Blackberry quits Pakistan over govt ‘back door’ demand


BlackBerry has on Monday announced that it would cease operations in Pakistan and exit completely by December 30.

The company came to the conclusion to quit after the Pakistan government asked the Smartphone maker to give it unfettered access to its secure BlackBerry Enterprise Service (BES) servers.

According to an online report, the Pakistani Telecommunications Authority notified carriers that BES servers won’t be allowed to operate in the country citing security reasons.

However, BlackBerry was of the argument that the Pakistani government’s demands had nothing to do with public safety.

According to Blackberry Chief Operating Officer (COO), Marty Beard wrote in a blog post announcing the company’s decision to exit Pakistan: “The truth is that the Pakistani government wanted the ability to monitor all BlackBerry Enterprise Service traffic in the country, including every BES e-mail and BES BBM [BlackBerry Messenger] message.

“But BlackBerry will not comply with that sort of directive. As we have said many times, we do not support ‘back doors’ granting open access to our customers’ information and have never done this anywhere in the world.”

The original directive had asked carriers to stop BES services by November 30 but the deadline was extended by a month to December 30.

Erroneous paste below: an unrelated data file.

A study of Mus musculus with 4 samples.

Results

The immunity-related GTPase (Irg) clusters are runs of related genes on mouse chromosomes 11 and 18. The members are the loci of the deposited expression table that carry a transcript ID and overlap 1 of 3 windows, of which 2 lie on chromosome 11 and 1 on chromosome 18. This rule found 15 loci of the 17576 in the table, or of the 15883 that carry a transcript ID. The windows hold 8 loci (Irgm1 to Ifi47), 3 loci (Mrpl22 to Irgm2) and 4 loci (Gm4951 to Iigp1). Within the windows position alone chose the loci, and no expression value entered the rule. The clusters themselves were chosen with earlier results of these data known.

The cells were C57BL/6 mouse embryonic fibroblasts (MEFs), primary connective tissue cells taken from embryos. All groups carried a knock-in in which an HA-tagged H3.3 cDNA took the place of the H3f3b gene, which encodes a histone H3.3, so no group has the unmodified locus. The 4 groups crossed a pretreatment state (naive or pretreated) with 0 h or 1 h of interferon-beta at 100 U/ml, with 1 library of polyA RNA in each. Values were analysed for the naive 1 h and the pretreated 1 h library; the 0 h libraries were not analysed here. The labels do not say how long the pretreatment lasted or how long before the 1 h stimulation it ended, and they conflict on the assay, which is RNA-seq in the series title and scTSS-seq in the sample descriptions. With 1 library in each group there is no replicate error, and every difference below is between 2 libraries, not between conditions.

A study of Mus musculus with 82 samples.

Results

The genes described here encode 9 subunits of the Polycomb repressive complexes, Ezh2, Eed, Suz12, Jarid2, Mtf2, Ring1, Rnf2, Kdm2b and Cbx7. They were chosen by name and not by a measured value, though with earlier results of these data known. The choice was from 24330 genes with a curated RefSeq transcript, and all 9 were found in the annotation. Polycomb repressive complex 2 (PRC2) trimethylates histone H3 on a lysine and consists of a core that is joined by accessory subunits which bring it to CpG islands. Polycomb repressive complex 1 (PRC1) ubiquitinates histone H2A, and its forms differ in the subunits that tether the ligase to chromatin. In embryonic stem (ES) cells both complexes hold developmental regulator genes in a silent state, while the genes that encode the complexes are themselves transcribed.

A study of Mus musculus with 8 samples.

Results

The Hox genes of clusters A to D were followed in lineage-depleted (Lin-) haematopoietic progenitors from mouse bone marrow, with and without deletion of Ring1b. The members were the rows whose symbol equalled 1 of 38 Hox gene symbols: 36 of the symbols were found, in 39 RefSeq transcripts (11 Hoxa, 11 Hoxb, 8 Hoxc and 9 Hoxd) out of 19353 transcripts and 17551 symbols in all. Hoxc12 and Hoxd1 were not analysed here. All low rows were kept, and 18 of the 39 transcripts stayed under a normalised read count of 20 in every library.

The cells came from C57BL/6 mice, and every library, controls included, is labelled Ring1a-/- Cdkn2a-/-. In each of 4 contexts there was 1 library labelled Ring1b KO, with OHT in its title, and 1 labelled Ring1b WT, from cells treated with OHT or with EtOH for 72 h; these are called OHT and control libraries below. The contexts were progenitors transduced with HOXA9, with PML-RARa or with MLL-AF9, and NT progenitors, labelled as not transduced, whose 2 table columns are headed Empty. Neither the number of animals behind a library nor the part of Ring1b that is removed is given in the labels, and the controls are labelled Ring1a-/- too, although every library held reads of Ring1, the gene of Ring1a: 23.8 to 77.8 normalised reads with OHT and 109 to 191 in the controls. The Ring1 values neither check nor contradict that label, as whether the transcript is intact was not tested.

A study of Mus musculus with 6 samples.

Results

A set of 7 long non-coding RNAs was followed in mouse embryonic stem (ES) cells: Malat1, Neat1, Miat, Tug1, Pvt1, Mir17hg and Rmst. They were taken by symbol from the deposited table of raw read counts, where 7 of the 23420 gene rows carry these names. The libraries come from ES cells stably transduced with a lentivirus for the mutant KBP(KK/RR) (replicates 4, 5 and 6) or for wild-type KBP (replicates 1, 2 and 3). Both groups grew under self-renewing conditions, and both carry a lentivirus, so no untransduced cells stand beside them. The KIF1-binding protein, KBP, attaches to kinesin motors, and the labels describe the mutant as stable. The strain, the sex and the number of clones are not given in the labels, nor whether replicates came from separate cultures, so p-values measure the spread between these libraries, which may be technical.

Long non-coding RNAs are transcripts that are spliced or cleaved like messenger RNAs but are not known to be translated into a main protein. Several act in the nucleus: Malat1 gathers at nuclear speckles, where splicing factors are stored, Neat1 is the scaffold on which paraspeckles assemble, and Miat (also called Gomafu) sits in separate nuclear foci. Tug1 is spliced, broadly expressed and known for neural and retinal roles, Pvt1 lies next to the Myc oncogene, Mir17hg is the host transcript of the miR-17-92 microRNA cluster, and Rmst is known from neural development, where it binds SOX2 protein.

Accordingly, the Canadian telecommunication and wireless equipment company has delayed its exit till the deadline lapses. The move would affect approximately 5,000 companies who are BES customers in Pakistan.


“Rather, Pakistan was essentially demanding unfettered access to all of our BES customers’ information Pakistan was essentially demanding unfettered access to all of our BES customers’ information,” Beard claimed.

While the directive did not include consumer services and BlackBerry phones themselves, the company has decided to cease all its operations and leave the country.

“Although the Pakistani government’s directive was aimed only at our BES servers, we have decided to exit the market altogether, because Pakistan’s demand for open access to monitor a significant swath of our customers’ communications within its borders left us no choice but to exit the country entirely,” Beard explained.

This is not the first time a government has asked BlackBerry for access to its servers for “lawful interception.” India too had made a similar demand for real-time access to traffic going through BlackBerry’s enterprise and consumer servers. The government had made it mandatory for BlackBerry to set up its servers within the country.

After several rounds of negotiations, BlackBerry set up servers in India and reportedly provided the Indian government the ability to track in real-time certain consumer services such as emails and email attachments as well as whether messages sent over BlackBerry Messenger were delivered and read. The enterprise services were kept out of that arrangement.